Midwives Are Making Moms & Babies Healthier In These States, Study Finds

A lot of pregnant people and parents can attest to the power of a good midwife or doula. And according to a new study, midwives are making moms and babies healthier in some states where midwives are integrated into health care systems. That's wonderful news for moms everywhere, because the more we can all work toward better outcomes for moms and babies, the better.

A recent study published in PLOS One, a multidisciplinary Open Access journal published by the Public Library of Science, found that states that worked the most to integrate midwives into their health care systems, such as Washington, New Mexico, and Oregon, "have some of the best outcomes for mothers and babies," according to Seacoast Online/The Portsmouth Herald. By comparison, in states with "poor integration of midwives across birth sites," like North Carolina and Alabama, "childbearing women are at increased risk for poor outcomes and experience reduced access to high quality maternity care," the study reported.

States with more restrictive midwife laws and practices — such as Alabama, Ohio, and Mississippi — seem to do "significantly worse on key indicators of maternal and neonatal well-being," according to Seacoast Online. This could be encouraging news for midwife and doula advocates, who sometimes face stigma, according to Psychology Today, or for moms who might consider turning to a midwife for their birth.

The PLOS One study analysis showed that states that supported greater integration of midwives into the health system were associated with a greater number of midwives and midwife-attended births, which makes sense. But more importantly, the study found that that greater integration was strongly associated with positive results like "higher rates of spontaneous vaginal birth, VBAC [vaginal birth after Cesarean], and breastfeeding at birth and at six months," in addition to "lower rates of obstetric interventions, preterm birth, low birth weight infants, and neonatal death." Those are all results that every state and every person working on health policy should want to see more of.

Dr. Tim Fisher, one of the authors of the study and an obstetrician/gynecologist at Dartmouth-Hitchcock Medical Center, told Seacoast Online:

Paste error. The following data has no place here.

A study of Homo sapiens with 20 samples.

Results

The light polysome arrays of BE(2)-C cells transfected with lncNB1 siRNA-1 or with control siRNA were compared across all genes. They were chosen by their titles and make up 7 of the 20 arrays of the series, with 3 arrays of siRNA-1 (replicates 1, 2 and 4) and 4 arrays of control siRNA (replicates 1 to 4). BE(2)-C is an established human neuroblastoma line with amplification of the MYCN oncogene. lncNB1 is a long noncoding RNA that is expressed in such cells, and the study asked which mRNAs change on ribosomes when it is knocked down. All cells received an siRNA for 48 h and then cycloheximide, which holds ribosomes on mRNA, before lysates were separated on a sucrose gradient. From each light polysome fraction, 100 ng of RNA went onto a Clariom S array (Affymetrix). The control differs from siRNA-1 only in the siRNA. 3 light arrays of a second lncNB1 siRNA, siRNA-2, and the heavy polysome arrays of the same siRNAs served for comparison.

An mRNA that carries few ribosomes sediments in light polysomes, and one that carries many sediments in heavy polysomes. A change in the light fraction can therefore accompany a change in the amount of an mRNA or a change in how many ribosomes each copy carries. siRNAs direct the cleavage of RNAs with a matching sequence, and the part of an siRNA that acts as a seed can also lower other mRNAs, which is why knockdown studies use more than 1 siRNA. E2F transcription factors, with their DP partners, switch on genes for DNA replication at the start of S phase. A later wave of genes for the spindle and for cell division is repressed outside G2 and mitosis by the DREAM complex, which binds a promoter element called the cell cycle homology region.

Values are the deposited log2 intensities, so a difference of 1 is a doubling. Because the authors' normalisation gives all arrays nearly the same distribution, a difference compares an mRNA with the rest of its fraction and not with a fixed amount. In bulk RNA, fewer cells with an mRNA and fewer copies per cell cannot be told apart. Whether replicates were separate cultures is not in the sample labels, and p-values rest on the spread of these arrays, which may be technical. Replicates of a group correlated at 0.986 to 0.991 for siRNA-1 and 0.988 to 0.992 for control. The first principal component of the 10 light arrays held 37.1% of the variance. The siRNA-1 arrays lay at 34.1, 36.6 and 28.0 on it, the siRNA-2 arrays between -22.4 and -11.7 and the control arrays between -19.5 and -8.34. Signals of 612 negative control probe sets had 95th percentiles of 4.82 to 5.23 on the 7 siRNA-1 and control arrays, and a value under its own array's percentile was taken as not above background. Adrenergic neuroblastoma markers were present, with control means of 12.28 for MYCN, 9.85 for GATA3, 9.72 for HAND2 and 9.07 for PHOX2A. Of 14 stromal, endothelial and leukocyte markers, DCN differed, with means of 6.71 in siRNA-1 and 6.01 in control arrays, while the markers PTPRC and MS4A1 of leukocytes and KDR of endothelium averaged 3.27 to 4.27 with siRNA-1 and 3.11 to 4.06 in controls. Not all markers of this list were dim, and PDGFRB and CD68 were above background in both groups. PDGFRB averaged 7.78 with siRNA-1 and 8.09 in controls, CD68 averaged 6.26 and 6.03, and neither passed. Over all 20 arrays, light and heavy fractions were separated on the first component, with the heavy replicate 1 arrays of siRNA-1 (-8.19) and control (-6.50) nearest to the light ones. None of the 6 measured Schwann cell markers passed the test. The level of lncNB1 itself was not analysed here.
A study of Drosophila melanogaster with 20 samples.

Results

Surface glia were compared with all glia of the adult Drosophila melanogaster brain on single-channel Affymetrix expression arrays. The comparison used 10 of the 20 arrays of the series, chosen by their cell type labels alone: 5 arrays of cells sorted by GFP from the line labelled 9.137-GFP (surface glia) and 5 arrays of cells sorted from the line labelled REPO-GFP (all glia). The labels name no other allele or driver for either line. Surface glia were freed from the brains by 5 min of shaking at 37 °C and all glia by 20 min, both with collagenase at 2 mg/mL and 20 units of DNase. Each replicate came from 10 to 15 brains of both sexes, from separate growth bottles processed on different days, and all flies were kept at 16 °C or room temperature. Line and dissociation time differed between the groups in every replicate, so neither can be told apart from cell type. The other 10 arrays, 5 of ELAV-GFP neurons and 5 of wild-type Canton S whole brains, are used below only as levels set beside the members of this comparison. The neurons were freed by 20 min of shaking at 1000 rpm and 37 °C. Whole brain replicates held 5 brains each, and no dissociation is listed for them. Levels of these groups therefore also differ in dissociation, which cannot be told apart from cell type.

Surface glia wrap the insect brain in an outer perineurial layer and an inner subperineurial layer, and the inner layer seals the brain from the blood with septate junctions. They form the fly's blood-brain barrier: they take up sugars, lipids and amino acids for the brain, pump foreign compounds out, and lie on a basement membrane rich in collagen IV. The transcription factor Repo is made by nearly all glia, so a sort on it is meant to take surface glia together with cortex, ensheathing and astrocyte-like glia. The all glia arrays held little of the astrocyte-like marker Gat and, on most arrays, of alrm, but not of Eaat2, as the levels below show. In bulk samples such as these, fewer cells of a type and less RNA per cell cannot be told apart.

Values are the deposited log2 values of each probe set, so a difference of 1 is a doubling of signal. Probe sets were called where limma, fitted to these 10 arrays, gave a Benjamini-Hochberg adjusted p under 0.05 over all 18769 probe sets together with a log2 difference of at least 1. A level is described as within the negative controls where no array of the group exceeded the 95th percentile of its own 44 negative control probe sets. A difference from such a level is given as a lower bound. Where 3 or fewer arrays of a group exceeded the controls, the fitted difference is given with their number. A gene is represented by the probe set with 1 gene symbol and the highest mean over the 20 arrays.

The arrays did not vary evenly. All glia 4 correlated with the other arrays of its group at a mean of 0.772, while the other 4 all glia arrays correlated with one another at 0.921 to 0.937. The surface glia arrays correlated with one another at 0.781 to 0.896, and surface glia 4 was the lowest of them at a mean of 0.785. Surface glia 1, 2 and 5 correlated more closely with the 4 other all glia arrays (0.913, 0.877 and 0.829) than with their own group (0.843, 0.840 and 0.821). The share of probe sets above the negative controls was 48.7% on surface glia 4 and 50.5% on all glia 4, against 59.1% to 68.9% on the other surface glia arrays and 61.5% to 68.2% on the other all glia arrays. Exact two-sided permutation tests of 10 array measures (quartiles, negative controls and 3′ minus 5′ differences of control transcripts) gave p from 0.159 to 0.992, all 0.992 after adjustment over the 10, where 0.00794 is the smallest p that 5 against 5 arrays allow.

We used a scoring system to determine the rate at which midwifery was integrated into an area’s health services...What we found is that where it is well integrated, the outcomes for mother and baby tend to be better. We looked at factors like whether they operated as an independent practice, if they relied on Medicare for reimbursements, if they had easy access to physicians, and if the births took place in the home, at a birth center or in a hospital.

So it sounds like the researchers were especially thorough with their analysis to account for impacting factors on the results.

According to Fisher, states were ranked on a scale of 1-50, and Northern New England rated particularly well. Washington did the best on the overall ranking, while North Carolina was at the bottom of the list.

It's important for women to be aware of their birth options, and what their state will allow when it comes to midwifery practice. The number of babies delivered by midwives is on the rise in the United States, according to Parents, and this study is a pretty major sign that allowing and regulating the practice, but not restricting it too much, might mean better outcomes for moms and babies. Many midwives practice in hospitals, and CPMs (certified professional midwives) have to be accredited through exams by the North American Registry of Midwives, so they are certainly trained in their field and aren't just for hippie or crunchy moms, as some stereotypes may suggest.

I think it makes sense that when women have more options when it comes to birth, they might feel that they have more support when considering all their choices, like VBAC and breastfeeding options. And the results of this study clearly show that states that are more supportive of midwives in general also see boosts in maternal and infant health, which is certainly good news, and something that health care policymakers should maybe consider more seriously in the future.